Frederick Douglass, the anti-slavery leader who visited Dublin in 1845, has been honoured by a Dublin City Council Commemorative Plaque.
The plaque was unveiled on Thursday 21st October 2021 by Lord Mayor Alison Gilliland at the Irish Film Institute, Eustace Street, Temple Bar, formerly the Friends’ Meeting House.
Speaking at the unveiling, historian Cecelia Hartsell outlined Frederick Douglass’s life, his escape from slavery, the publication of his autobiography, and his visit to Dublin.
Born into slavery in 1818, Frederick Douglass escaped and in 1845 published his autobiography Narrative of the Life of Frederick Douglass, an American Slave, Written by Himself. The book’s popularity in Europe, and fear of being captured and returned to slavery, led Douglass to visit Ireland and the UK in 1845/47.
Douglass returned to the USA a free man in 1847, and went on to become a leading abolitionist, a newspaper proprietor, and a government official. Renowned as an orator, through his writings, speeches, and photographs, he boldly challenged the racial stereotypes of African Americans. He was the most photographed man in 19th century America.
While in Ireland Frederick Douglass met Daniel O’Connell, a firm opponent of slavery, and the two men spoke at O’Connell’s Conciliation Hall, on Burgh Quay.
Douglass was a guest of Dublin’s Quaker Community, and in September 1845 he spoke at the old Friends’ Meeting House in Eustace Street, now the Irish Film Institute.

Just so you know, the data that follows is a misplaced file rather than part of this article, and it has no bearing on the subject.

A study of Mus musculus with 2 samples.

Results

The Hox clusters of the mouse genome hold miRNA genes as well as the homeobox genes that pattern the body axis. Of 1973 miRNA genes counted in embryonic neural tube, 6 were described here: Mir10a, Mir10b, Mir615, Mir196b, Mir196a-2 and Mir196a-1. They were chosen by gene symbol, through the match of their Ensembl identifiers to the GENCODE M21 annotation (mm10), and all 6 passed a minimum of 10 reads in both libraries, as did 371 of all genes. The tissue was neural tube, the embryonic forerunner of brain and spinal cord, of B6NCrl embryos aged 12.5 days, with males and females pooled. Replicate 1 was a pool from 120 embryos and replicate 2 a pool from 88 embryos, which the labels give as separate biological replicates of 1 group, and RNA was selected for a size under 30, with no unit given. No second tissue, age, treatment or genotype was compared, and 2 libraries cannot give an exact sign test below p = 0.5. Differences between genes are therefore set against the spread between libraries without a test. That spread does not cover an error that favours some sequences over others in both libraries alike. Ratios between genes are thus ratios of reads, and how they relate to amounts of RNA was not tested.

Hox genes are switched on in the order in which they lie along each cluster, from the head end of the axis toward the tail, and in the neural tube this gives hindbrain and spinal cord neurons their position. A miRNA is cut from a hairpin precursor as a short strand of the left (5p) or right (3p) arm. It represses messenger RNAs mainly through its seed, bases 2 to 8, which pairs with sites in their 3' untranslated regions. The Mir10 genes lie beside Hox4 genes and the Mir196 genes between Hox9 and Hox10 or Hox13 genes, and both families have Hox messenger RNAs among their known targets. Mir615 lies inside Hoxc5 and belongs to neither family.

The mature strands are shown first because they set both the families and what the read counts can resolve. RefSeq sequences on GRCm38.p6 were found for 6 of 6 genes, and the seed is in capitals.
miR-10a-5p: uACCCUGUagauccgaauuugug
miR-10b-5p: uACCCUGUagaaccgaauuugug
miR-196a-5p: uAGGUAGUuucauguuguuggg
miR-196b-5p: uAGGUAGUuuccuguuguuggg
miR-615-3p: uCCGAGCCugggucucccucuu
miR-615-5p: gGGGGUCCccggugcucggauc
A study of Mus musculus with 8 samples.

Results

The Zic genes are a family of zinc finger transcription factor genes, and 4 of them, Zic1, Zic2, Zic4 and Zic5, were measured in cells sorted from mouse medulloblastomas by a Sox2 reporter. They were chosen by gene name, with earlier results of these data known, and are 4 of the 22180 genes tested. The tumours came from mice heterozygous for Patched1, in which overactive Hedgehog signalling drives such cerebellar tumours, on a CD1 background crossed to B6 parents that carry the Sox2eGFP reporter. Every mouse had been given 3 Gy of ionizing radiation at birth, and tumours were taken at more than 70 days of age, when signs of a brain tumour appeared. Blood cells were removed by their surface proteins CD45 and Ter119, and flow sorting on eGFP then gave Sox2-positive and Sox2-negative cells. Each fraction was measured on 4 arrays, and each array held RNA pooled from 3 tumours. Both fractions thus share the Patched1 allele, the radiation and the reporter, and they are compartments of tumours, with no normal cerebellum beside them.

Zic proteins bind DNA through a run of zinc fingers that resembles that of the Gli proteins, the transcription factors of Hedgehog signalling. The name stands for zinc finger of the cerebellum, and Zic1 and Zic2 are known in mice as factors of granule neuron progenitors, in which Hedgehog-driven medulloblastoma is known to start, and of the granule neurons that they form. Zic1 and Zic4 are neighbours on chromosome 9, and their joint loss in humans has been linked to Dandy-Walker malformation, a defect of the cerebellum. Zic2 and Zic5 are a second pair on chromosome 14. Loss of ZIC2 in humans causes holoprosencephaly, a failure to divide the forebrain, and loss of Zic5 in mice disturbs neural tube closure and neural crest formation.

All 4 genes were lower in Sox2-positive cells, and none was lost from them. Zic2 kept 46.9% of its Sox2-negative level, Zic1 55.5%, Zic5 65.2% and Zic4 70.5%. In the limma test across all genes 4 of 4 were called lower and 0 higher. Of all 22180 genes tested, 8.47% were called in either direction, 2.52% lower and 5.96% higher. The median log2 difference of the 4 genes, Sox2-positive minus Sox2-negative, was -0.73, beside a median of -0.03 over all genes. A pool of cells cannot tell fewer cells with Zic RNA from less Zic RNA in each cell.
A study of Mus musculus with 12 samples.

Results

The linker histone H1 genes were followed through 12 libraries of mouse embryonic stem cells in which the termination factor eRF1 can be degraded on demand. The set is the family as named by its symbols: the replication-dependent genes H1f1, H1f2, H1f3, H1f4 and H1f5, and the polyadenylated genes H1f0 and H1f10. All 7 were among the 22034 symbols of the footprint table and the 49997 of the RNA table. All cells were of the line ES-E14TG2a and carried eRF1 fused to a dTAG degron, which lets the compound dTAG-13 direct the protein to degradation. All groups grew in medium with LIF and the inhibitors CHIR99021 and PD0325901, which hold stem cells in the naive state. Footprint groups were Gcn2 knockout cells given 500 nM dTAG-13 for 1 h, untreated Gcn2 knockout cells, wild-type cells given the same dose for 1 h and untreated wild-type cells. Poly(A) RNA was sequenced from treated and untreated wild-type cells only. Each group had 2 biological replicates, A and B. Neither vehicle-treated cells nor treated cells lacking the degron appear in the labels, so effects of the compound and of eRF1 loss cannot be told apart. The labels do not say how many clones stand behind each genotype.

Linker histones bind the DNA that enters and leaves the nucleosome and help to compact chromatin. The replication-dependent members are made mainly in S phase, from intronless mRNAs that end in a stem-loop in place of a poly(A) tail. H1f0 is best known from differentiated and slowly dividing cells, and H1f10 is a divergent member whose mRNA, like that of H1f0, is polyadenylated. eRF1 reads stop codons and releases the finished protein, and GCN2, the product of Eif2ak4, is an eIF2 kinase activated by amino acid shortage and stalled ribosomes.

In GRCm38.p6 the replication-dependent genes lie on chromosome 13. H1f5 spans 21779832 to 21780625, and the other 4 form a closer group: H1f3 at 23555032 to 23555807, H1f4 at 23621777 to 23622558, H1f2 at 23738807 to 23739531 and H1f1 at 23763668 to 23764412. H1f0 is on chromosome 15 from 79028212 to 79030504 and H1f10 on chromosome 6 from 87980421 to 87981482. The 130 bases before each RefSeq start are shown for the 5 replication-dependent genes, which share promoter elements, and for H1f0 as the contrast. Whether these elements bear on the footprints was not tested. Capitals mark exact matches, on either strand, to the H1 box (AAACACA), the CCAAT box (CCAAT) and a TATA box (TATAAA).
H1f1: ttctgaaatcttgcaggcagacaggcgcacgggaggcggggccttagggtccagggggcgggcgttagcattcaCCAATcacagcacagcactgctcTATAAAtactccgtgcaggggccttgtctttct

Also speaking at the unveiling was the chair of the Irish Film Institute, Professor Margaret Kelleher, who said:
‘On 9th September 1845, in this building which is now home to the IFI, Frederick Douglass delivered a stirring oration against slavery and in defence of human liberty. We at the IFI are very proud to mark today not only such a historic event but also his continuing legacy and inspiration.’
The plaque was proposed by Councillor Mícheál Mac Donncha, chair of the Dublin City Council Commemorations & Naming Committee. Councillor Mac Donncha said:
‘This plaque to Frederick Douglass sees the great African-American anti-slavery leader recognised by our City for his immense contribution to human liberty and progress. It is appropriate that this site links the United Irish Society which met here in the 1790s, the Society of Friends which hosted Frederick Douglass and still meets on this street, and the Irish Film Institute, a cultural hub of Dublin. Acts of commemoration such as this serve to remind us that while slavery was abolished in the United States, racism persists and needs to be opposed vigorously in all countries including our own.’